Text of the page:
Maker Monday 10/27


Welcome to the latest edition of Maker Monday, where we give you a sneak peek at some of the makers who will be at the Toronto Mini Maker Faire November 22-23rd.


From analyzing the bones of different animal skeletons in Forensic Science to extracting DNA from fruit in DIY Microbiology to Drawing Robots that make pictures like Jackson Pollock, Action Potential Lab is Toronto’s first laboratory dedicated to fusing science + art into every program. They believe that problem solving techniques, comprehension, and creativity are most enhanced by using both sides of the brain.

At the Faire:
You will have the chance to engage in plenty of tactile and sensory play while having time to explore materials and get your hands messy. We’re talking colourful explosions and glow-in-the-dark concoctions. Things that make noise and things that drip. Prepare to use all 5 senses!

hitchBOT at home with it's research team in Port Credit, Ontario.

hitchBOT is an outgoing and charismatic robot that began hitchhiking across Canada in July 2014. Researchers from McMaster University, Ryerson University, and the University of Toronto created hitchBOT to explore human-to-robot interaction. Using artificial intelligence and user interface design, including speech recognition, speech processing, social media and Wikipedia APIs, hitchBOT has charmed its way through rides across Canada, officially finishing its journey more than 6,000 km later in Victoria, BC.

At the Faire:
Attendees are encouraged to interact with hitchBOT and family, take selfies with hitchBOT and ask hitchBOT questions.


A hands–on youth activity where participants gather within a maker–space to explore robotics and automatic drawing. Participants will assemble simple robots using basic circuitry and a variety of construction materials. The drawbots will then be used to create a community canvas. After drawing, robots will be disassembled so that their components can be reconfigured.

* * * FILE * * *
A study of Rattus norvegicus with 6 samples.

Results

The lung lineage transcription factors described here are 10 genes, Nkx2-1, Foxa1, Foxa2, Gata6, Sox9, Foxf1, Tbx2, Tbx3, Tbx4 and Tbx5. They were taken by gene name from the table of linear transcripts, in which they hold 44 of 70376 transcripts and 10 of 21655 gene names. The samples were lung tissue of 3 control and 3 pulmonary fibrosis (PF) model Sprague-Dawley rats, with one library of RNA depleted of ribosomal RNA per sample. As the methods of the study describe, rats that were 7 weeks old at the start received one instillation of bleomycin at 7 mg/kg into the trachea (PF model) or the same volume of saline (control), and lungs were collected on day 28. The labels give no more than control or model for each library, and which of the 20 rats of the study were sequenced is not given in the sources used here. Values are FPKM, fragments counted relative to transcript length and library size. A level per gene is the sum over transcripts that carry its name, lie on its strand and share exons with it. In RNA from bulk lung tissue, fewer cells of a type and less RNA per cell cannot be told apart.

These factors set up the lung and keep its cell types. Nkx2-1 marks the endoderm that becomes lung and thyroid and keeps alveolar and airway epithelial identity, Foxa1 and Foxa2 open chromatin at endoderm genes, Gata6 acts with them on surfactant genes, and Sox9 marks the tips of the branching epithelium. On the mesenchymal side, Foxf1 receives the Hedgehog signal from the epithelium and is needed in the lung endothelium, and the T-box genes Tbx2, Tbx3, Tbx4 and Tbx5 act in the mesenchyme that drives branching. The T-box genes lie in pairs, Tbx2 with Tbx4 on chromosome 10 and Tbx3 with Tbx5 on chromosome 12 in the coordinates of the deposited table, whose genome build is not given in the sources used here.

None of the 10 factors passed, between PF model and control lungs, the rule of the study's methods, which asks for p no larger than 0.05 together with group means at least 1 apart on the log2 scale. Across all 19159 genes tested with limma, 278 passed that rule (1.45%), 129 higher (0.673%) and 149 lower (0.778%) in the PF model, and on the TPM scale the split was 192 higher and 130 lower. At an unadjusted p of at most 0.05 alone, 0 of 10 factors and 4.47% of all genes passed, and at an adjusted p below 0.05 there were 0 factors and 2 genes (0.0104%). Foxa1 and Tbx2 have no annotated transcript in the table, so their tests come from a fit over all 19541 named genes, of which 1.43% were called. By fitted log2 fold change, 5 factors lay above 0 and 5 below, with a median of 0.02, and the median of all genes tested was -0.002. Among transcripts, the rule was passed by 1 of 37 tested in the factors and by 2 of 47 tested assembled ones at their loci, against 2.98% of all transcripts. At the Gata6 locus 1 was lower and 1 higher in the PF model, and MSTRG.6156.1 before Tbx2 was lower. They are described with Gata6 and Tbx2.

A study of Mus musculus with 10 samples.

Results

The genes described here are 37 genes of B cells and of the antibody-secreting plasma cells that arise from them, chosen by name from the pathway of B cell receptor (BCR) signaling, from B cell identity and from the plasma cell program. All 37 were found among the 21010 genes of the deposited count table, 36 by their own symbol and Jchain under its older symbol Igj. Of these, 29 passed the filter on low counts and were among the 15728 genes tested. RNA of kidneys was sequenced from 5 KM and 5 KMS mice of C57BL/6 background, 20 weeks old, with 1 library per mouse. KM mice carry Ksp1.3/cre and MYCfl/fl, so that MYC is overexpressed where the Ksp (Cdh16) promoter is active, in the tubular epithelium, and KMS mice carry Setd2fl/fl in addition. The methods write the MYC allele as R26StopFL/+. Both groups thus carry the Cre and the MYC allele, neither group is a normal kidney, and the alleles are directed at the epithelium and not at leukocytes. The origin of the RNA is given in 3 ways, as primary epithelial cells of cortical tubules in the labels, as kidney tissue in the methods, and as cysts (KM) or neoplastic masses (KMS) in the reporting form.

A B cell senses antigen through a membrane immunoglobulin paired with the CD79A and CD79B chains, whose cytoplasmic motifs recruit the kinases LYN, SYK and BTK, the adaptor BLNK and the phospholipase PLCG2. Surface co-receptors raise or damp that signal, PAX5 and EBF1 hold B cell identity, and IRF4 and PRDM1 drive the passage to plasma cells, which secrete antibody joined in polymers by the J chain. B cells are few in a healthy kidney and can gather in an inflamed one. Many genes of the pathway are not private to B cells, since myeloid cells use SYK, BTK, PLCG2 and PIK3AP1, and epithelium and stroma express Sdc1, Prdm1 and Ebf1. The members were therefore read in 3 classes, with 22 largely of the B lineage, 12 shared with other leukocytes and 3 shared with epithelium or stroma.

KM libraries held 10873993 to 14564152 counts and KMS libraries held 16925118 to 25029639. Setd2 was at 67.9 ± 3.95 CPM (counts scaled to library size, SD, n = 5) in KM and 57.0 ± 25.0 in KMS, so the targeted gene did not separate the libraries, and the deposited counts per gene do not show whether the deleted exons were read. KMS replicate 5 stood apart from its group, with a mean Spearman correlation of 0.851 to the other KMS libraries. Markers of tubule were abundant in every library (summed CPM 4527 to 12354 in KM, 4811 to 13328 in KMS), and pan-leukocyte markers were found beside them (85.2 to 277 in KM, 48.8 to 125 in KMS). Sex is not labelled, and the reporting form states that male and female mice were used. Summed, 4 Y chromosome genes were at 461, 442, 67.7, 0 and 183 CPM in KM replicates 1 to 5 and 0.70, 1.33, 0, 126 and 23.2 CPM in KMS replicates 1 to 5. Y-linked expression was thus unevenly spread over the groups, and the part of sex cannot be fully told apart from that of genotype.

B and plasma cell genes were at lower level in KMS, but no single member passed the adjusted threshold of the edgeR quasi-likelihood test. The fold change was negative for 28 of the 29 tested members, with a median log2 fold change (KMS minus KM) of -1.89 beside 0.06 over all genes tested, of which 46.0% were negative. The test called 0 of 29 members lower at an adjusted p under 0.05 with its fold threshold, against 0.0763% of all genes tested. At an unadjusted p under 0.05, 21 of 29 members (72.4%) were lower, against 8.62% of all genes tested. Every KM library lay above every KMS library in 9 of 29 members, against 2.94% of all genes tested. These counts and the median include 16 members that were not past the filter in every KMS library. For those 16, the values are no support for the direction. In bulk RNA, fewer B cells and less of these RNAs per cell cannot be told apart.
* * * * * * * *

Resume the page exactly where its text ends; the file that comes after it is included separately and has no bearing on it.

At the Faire:
Drawbot Factory is an activity targeted towards youth ages 8 and older, though all ages can participate. Using the provided materials and tools, you will use a simple electronic circuit to design and create an automatic drawing robot.


Using flat sheets of Canadian maple veneer, foam mold, glue, a wine pump and a vinyl bag, they will show you how to press a skateboard using atmospheric pressure! You have to see it to believe it, but you can design, build, finish and ride a skateboard using the method they created.

At the Faire:
You will get the hands-on-lowdown on how this works and how you can become a custom board builder. You can be part of gluing, stacking and pressing a custom board during our hourly build sessions.


Wearable technology is quickly evolving in our world today and is drastically changing how we think about physical spaces and everyday interaction. Although wearable devices are primarily being created and marketed for humans, kids and adults of all ages are encouraged to think outside the box when it comes to wearable technology, and experience what it means to research and prototype to solve real world problems in the animal world.

At the Faire:
By looking through a pre-assembled animal look-book and reading about what problems different types of animals face today, you will brainstorm and prototype wearable technology solutions by combining materials and circuitry through the use of a MaKey MaKey. Ideas can be anything from ankle bands a rhino can wear and rub together to scare off poachers, or a collar a gorilla can touch to warn others about habitat destruction.

Meet these makers and many more at the Toronto Mini Maker Faire November 22-23rd. RSVP for free today!